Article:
Forty years ago, Bill Gates was 26 and his nascent software company Microsoft had just begun crossing headlines after partnering with IBM for its PC project.
On the cusp of the IBM PC era, editor-in-chief of PC Magazine David Bunnell interviewed Gates in 1982 to get the young co-founder's perspective on a teeming tech industry and how a 16-bit beige box might affect everyone's lives in the future.
With forty years under its belt, Microsoft has merged as a household name and staple of computing evolution. PC Magazine author Wendy Sheehan Donnell is now catching up with former Microsoft CEO Gates, to compare and contrast the thoughts of a young software manufacturer against the realities of today's modern computing world.
Over the course of the interview, Donnell and Gates touched upon topics such as Gates early bid to purchase PC Magazine, AI and its roll in addressing climate change and political polarization, as well as the former CEO's everyday carry technology, among other things.
Donnell begins her interview brushing up on what Gates set out to accomplish forty years ago with a dream of "a computer on every desk and in every home."
We knew that the miracle advances in chips and the software that could be built because of those magic chips would make everyone want to use a computer. Later, we talked about information at your fingertips. Of course, it’s gone beyond that original dream with cell phones and sensors. But it still comes back to so much early important work driven by chips and great software.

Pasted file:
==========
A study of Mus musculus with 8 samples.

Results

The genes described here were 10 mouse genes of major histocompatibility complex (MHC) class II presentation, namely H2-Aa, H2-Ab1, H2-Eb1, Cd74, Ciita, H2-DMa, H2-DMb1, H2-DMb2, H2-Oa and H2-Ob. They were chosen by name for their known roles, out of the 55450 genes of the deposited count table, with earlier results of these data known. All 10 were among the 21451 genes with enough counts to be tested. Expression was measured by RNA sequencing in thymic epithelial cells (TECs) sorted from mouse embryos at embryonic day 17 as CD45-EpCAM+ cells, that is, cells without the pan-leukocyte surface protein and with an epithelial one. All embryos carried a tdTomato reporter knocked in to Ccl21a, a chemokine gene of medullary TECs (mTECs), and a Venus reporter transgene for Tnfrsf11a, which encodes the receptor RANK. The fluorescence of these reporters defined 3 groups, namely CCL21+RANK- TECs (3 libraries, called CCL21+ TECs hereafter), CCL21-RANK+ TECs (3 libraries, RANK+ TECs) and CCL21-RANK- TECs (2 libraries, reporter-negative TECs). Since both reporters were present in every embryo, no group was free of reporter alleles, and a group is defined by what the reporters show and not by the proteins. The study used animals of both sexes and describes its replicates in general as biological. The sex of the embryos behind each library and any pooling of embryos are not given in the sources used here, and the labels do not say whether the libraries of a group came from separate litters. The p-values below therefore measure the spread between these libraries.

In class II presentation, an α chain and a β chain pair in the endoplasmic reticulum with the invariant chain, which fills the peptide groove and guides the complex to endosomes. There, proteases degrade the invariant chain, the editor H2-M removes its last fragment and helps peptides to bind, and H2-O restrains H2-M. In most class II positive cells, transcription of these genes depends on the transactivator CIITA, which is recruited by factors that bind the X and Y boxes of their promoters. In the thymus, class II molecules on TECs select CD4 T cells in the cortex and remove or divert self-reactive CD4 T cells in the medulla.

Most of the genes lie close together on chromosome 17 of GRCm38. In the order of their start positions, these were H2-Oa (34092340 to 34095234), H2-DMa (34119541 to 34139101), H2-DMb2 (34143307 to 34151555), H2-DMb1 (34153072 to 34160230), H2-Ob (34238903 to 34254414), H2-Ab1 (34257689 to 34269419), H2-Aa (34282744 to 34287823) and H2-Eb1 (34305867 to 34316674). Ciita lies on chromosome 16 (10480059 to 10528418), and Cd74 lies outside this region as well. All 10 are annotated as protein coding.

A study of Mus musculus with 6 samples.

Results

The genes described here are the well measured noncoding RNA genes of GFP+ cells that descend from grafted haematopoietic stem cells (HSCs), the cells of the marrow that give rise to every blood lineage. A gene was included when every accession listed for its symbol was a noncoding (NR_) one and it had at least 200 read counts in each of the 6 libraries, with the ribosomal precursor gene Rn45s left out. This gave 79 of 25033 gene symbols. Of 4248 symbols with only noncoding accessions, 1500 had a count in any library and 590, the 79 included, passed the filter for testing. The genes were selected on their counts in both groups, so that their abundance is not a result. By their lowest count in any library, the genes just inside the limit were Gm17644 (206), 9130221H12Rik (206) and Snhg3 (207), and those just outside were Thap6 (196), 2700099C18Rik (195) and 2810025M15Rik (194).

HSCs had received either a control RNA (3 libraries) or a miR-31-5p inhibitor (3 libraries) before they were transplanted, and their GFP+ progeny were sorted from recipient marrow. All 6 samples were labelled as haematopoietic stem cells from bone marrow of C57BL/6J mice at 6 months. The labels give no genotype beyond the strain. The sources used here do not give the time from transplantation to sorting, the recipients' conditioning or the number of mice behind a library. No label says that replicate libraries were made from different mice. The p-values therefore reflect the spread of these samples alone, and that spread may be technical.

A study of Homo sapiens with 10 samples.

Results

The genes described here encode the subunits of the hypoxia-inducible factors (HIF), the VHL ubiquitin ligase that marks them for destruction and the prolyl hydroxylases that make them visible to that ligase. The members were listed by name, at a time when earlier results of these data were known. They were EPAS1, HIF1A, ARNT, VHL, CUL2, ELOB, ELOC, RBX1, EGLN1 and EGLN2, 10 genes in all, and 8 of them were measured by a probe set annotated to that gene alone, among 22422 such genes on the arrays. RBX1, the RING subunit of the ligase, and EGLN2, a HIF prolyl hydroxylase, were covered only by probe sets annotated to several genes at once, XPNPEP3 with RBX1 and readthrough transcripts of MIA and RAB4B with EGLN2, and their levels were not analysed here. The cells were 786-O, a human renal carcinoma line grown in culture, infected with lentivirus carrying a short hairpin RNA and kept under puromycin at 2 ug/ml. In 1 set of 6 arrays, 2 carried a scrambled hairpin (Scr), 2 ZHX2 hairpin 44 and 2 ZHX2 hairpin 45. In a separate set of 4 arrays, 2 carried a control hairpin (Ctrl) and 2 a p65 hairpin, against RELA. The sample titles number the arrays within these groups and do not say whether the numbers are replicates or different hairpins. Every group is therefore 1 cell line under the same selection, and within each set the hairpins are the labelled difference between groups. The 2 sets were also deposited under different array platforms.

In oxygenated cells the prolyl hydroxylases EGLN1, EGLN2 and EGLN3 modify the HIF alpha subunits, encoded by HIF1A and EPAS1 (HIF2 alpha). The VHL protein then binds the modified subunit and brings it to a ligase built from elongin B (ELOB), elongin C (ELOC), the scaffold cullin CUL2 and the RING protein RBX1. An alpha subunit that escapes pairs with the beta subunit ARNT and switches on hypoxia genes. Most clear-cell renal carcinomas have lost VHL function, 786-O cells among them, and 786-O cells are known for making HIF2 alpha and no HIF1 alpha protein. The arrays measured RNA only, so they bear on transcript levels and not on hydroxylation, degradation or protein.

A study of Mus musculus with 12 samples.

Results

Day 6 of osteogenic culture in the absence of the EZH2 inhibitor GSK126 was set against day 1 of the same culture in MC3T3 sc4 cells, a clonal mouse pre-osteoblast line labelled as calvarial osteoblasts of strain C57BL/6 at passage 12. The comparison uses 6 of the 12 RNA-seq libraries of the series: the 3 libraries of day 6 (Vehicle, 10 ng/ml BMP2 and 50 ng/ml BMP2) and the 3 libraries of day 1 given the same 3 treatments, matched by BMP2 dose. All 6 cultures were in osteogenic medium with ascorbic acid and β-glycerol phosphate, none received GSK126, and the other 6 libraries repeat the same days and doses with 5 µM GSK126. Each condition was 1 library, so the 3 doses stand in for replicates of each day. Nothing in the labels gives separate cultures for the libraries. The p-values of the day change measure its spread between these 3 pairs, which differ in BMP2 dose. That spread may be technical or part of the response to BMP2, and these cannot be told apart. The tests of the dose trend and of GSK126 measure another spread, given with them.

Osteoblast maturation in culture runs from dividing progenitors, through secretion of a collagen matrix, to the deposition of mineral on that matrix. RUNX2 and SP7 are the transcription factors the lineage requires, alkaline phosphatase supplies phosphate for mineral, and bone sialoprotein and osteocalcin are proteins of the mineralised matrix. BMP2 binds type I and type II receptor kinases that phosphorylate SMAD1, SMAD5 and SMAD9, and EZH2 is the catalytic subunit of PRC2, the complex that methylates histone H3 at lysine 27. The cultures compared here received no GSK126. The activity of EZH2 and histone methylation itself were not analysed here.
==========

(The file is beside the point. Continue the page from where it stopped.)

As for Gates buying PC Magazine, he ruminated on the idea with the understanding that computing would move beyond hobbyist and data processors, and saw the publication as the bridge point to that much larger audience.
As evident by its 550 plus magazine issues and forty-year long career, Gates was correct in assuming the PC Magazine would play a long and pivotal role in the computing sphere.
Travelling further into the present, Donnell and Gates broach the question of "what will be the greatest technology challenge of the next 40 years and how will we overcome it," to which Gates simply points to artificial intelligence.
There’s not a tech tool that can solve that, but the way we’re interconnected and interact with each other is so tied to how information flows around the world.
With AI, there’s huge potential to do good in the world, but it’s also important to be cautious and make sure it’s being developed in the right way. Microsoft and OpenAI have a smart approach to that.
While the entire interview is fascinating for fans of history, technology and business tycoons, perhaps the most interesting section is when Donnell questions the technology Gates actually uses and not just theories that will be helpful in the future.
Despite the Surface Duo being the spiritual successor to the Microsoft Courier concept, Gates opts for a Samsung Galaxy Z Fold3 as his mobile handset choice and uses a both a Surface Laptop 4 and Surface Studio 2 to get work done in and out of his home office.
I tend to use the big PC screen more than most people because I like sending long emails and reading long documents and research papers. I’m not quite as phone-centric as the younger generation, but the mix works well. I can stay on top of all my work at the foundation, even as I’m traveling. The tools just keep getting better, but there’s still a long way to go and a lot of potential.
Gates ends the interview with a retrospect about how massive and expansive programing code has become and that the computer users of today would have a hard time with both the hardware and software limitations of the past, "we are spoiled nowadays-our computers are so unbelievable."